CHARLOTTE, N.C. -- Big companies ranging from financial giant Bank of America to Matthews discount-store chain Family Dollar are increasingly exporting white-collar jobs to countries where labor is cheap, a survey by The Charlotte Observer found.
Nearly two-thirds of the largest companies headquartered in the Carolinas - 17 of 27 - say they have sent computer tasks abroad, mostly to India, The Observer reported Sunday.
Among 100 of the largest public companies in North Carolina and South Carolina, the newspaper found that 25 say they have used the strategy.
Charlotte-based Bank of America eventually expects to employ about 1,000 people at the center it plans in India. Family Dollar has programmers in India modifying sales software.
Greensboro's VF Corp., the maker of Wrangler jeans, has an Indian help desk for workers with computer problems. South Carolina utility SCANA has done software work in India since 1996. Charlotte's Presbyterian Healthcare hired an Indian firm in Bangalore last year to help redesign its intranet.
Workers abroad also process mortgage applications, read X-rays, prepare tax returns and staff customer call centers.
Frances Queen, chief executive of Charlotte computer-services firm Queen Associates, said she lined up a team of programmers in Russia after customers increasingly sought lower-paid software programmers overseas instead of hiring her company.
"Offshore is becoming expected," she said. "You have to offer it to be competitive."
The move abroad - often called offshoring or foreign outsourcing - echoes the loss of manufacturing jobs to low-wage countries.
With the Internet, many computer jobs can now be done anywhere, often for a lot less money.
Supporters say the move abroad saves billions, gets work done faster, resolves labor shortages and frees U.S. employees for more creative work. Critics say it's eroding the middle class and wiping out America's future.
The white-collar exodus could put more than 10 percent of the U.S. work force - more than 14 million Americans - at risk of losing jobs to foreign workers, according to a study by the University of California at Berkeley.
"Everything is up for grabs, and the low-cost bidder wins," said Marcus Courtney, president of WashTech, a union for white-collar workers. "Where are you going to be able to get a job and build a secure economic future?"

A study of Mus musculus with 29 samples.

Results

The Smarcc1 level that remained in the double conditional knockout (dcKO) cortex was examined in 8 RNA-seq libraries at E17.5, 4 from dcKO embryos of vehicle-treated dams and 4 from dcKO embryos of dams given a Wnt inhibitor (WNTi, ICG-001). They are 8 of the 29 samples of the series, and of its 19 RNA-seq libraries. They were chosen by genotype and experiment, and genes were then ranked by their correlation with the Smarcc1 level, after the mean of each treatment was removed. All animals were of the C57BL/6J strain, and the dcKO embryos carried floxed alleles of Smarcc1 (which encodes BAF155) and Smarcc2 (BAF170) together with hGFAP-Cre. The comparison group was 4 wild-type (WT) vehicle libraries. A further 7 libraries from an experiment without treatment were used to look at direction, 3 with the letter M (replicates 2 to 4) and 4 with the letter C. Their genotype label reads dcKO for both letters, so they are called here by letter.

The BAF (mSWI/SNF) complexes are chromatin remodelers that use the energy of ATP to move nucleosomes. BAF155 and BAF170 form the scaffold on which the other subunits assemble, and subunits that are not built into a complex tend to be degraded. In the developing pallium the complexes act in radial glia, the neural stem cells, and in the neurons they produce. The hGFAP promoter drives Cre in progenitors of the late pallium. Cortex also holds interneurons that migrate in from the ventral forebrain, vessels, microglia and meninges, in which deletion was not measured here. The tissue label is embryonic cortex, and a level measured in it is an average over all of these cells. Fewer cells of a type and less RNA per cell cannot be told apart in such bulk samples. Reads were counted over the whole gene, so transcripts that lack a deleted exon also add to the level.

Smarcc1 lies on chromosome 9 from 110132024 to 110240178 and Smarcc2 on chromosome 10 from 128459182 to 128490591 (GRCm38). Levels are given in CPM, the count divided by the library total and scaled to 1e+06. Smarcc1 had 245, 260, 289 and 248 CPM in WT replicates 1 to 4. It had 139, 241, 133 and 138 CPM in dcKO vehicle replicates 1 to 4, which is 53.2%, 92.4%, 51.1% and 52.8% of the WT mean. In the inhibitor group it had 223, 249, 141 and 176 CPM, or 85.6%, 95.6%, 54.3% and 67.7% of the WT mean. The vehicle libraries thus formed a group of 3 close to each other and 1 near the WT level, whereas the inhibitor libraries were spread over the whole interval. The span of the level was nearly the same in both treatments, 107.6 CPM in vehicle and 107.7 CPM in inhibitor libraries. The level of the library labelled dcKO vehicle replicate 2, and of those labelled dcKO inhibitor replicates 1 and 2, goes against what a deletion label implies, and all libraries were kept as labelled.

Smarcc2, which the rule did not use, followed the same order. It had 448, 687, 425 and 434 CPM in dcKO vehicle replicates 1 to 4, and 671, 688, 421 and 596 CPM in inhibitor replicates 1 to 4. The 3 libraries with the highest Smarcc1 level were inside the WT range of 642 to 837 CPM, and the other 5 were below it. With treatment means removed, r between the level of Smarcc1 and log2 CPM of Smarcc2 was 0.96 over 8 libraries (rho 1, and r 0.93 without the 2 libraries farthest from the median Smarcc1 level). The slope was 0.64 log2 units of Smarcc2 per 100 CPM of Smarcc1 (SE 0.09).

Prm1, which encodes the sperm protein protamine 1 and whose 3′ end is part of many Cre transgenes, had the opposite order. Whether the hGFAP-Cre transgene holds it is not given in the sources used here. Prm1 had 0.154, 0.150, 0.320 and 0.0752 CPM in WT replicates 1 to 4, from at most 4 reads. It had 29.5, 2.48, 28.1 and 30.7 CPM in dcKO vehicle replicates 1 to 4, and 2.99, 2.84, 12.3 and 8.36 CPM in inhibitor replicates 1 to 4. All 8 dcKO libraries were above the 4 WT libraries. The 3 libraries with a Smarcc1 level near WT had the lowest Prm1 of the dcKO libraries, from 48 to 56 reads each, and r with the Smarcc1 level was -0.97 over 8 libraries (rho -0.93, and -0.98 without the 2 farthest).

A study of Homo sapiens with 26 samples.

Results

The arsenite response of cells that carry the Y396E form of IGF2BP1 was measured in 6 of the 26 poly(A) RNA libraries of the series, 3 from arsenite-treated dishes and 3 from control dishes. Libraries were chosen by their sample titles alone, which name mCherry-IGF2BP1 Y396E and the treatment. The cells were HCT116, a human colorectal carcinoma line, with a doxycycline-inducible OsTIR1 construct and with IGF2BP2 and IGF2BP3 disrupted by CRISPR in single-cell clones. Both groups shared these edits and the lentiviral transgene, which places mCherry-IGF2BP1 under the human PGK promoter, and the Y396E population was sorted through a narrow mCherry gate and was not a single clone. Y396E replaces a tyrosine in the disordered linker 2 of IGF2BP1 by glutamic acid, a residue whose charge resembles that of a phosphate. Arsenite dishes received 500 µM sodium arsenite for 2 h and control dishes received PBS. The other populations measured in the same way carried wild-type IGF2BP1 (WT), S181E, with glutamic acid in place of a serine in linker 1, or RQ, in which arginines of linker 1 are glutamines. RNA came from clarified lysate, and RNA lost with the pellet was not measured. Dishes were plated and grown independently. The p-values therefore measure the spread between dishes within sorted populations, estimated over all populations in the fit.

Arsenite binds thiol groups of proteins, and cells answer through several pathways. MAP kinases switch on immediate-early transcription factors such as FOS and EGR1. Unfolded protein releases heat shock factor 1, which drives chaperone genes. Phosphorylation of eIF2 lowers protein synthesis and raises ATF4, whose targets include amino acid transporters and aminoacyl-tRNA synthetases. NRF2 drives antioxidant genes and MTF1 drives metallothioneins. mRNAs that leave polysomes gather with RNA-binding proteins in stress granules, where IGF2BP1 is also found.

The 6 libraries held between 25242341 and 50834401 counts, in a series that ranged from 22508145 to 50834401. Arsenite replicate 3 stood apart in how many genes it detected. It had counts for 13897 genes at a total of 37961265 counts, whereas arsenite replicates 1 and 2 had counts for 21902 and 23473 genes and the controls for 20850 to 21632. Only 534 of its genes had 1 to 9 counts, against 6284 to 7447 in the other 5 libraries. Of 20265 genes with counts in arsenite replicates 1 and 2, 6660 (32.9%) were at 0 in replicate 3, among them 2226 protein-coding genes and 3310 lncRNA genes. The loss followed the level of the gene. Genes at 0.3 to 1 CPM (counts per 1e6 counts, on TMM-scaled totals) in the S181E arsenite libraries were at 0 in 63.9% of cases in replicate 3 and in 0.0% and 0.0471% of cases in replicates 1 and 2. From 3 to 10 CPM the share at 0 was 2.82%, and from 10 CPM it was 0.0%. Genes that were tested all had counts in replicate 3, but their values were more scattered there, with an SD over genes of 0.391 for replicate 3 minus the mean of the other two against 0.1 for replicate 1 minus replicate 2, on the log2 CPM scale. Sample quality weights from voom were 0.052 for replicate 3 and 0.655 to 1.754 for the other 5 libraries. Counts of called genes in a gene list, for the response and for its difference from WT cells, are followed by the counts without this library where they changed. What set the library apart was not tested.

U.S. companies began tapping technology talent in India in the 1980s, but it was Y2K concerns - the need to retool computer operating systems to ensure they'd continue operating after the year 2000 - that taught Corporate America it could move more than factory jobs overseas.
SCANA, owner of Gastonia's PSNC Energy and S.C. Electric & Gas, was a front-runner in outsourcing abroad.
The Columbia, S.C.-based company typically turned to computer services contractors so it didn't have to hire and fire as workload fluctuated. In 1996, a contractor bidding on a complex project said the company could save money and turn the job in half the time by using workers in India.
Randy Senn, SCANA's chief information officer, took a chance and had been working with Indian programmers lined up by Michigan-based Covansys ever since.
Senn said SCANA saves about 40 percent over the cost of doing the work in-house. "I didn't think it would work. It's part of our strategy now," he said.
Bank of America began outsourcing to India early last year with a few test projects, including building prototypes for Web sites.
"We got interested first because we heard that there were significant cost savings," said Tim Arnoult, the bank's technology and operations executive. "This is basically true. However we also found that the quality of work was very good, we could gain speed-to-market advantages, and it was a very effective way to staff special projects."
Typical offshore work now includes developing, testing and modernizing software. The Charlotte bank gets about 20 percent of its software work done offshore and expects to continue at that level, said Mary Waller, senior vice president of media relations.
The bank, which would be the nation's second largest by assets after the pending FleetBoston merger, says offshore outsourcing has saved it $10 million.
Now it is expanding with a subsidiary in India, set to open in Hyderabad in April, that will handle a wider range of work as software projects continue going to outsourcers. The bank won't give specifics about work intended for the center.
Bank executives said they expect the Indian unit will employ less than 1 percent of their 133,000-member work force.
The bank can't quantify offshore-related job losses because it doesn't track the reason for job cuts, Waller said.